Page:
Chinese Doctors Visit South Sudan Children’s Home

A Chinese doctor attends to a patient at a Juba-based orphanage for vulnerable children in Juba, capital of South Sudan, Dec 21, 2019. (Xinhua/Gale Julius)

JUBA (Xinhua) —  The China medical team in South Sudan on Saturday donated food items and offered free medical assistance to a children’s home in the capital Juba.

The Chinese medics visited the Confident Children out of Conflict (CCC), a Juba-based orphanage for vulnerable children lacking parental care and donated milk, biscuits and provided medical consultations to minors at the center.

Tang Youbin, head of the seventh batch of the Chinese doctors in South Sudan said they visited the orphanage to express love and solidarity with the venerable children.

“We are delighted to see the confidence and smile on the face of kids. We want to share with them so that they can enjoy a meaningful Christmas,” Tang said.

“We are also parents working in a foreign country, we miss our own kids very much and when we see these kids here, we feel at home,” Tang added.

China medical team in South Sudan and staff of the Confident Children out of Conflict (CCC) pose for a group photo at the Juba-based centre for vulnerable children in Juba, capital of South Sudan, Dec 21, 2019. (Xinhua/Gale Julius)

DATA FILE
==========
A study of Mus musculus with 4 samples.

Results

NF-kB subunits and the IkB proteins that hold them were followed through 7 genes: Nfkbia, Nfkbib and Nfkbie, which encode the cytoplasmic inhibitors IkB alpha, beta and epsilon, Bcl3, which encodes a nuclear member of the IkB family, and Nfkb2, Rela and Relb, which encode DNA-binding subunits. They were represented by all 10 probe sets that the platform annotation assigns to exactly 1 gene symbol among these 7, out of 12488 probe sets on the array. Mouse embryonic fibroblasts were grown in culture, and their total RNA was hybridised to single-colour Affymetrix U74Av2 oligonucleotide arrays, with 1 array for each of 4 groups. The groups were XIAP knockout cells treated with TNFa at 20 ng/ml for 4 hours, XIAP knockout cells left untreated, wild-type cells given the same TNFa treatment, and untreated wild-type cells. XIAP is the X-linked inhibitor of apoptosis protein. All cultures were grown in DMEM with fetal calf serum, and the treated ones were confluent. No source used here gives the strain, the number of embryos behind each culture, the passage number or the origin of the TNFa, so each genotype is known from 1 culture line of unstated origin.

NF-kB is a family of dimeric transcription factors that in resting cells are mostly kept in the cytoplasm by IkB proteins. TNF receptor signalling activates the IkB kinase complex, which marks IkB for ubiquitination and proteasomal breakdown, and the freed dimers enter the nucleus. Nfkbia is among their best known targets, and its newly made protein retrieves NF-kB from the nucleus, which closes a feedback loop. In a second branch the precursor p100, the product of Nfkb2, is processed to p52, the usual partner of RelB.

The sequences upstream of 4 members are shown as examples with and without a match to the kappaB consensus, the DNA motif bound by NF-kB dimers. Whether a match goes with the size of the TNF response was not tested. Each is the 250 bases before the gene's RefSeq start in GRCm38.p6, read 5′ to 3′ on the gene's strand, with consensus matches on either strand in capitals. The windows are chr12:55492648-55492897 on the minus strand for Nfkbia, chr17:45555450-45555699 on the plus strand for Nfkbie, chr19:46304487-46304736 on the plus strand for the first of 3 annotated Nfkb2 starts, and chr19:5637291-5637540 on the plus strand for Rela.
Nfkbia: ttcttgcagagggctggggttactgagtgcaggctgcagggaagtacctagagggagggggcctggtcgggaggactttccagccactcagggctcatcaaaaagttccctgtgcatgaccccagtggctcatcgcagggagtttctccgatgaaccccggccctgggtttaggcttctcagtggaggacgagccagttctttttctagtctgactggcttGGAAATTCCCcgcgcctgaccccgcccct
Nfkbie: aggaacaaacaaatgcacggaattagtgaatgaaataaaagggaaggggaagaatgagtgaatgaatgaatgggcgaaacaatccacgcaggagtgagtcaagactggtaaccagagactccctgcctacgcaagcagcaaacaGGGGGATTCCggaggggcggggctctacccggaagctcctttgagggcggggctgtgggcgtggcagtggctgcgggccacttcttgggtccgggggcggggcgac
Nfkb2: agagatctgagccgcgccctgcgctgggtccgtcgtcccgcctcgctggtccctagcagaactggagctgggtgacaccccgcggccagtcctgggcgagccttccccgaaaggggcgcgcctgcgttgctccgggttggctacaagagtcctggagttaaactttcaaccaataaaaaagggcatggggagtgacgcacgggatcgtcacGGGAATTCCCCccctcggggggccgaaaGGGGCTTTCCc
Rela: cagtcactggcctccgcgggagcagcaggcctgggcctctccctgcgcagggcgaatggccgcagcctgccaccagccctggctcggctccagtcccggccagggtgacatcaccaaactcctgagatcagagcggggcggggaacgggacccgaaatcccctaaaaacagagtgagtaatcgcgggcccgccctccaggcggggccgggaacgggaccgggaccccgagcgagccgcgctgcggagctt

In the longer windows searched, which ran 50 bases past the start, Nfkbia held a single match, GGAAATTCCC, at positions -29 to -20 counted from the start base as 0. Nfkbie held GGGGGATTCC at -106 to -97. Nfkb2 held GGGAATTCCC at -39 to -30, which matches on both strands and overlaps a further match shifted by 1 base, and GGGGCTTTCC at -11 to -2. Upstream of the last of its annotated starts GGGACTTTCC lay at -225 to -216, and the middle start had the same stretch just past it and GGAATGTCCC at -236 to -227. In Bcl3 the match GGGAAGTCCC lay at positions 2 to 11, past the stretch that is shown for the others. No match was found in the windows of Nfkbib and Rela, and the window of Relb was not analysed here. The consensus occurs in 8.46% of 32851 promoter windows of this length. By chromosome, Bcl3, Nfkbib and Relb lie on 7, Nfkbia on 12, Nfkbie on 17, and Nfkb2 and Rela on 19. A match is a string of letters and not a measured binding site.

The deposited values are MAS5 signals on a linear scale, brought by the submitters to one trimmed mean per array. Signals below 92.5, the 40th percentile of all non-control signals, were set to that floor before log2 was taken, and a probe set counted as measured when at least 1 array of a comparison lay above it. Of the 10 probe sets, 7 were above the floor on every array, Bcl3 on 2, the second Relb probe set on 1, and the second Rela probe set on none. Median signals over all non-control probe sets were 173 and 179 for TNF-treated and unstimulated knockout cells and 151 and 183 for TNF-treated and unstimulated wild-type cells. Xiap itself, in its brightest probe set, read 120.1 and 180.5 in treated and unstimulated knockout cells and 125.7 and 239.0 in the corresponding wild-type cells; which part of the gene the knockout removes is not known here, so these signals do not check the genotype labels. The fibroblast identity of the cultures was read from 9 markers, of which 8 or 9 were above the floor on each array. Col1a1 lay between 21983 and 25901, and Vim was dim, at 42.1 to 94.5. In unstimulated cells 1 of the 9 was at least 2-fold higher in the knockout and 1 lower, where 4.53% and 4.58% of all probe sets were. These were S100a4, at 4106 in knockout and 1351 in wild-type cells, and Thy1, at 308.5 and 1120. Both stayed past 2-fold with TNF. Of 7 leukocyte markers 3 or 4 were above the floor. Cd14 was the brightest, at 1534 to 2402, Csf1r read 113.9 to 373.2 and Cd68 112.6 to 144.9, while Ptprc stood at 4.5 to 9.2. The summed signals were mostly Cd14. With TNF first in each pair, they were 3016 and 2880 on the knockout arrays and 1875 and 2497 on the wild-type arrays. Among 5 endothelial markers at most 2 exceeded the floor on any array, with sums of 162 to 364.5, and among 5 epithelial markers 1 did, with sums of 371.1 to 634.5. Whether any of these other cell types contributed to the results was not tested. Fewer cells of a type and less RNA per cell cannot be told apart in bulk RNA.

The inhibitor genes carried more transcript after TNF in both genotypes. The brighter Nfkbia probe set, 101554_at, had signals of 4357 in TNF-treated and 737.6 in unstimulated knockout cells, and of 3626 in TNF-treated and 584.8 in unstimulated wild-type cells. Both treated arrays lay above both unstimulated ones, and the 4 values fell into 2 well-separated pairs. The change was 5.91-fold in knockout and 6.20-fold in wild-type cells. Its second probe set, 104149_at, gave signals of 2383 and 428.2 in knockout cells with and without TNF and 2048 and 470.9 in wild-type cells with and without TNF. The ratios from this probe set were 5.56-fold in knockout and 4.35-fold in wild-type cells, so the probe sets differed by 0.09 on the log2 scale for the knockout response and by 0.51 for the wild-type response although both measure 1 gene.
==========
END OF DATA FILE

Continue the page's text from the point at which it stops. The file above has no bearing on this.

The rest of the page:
Tang pledged the Chinese doctors’ continued support to the people of South Sudan.

“We will take the kids here as our own, share the heartfelt love to them and care for them. China Medical Team is willing to provide medical services if it needs in the future,” said Tang.

Hellen Murshal Boro, executive director of CCC thanked the Chinese medics for extending a helping hand to the orphanage, which is home to over 100 street children.

The doctors, composed of 13 specialists and two support staffs are currently stationed at Juba Teaching and Referral Hospital, with routine outreach programs across South Sudan.

Since 2013, the China medical team has offered free medical services in South Sudan and also helped with the capacity building of health workers and medical students in the world’s youngest republic.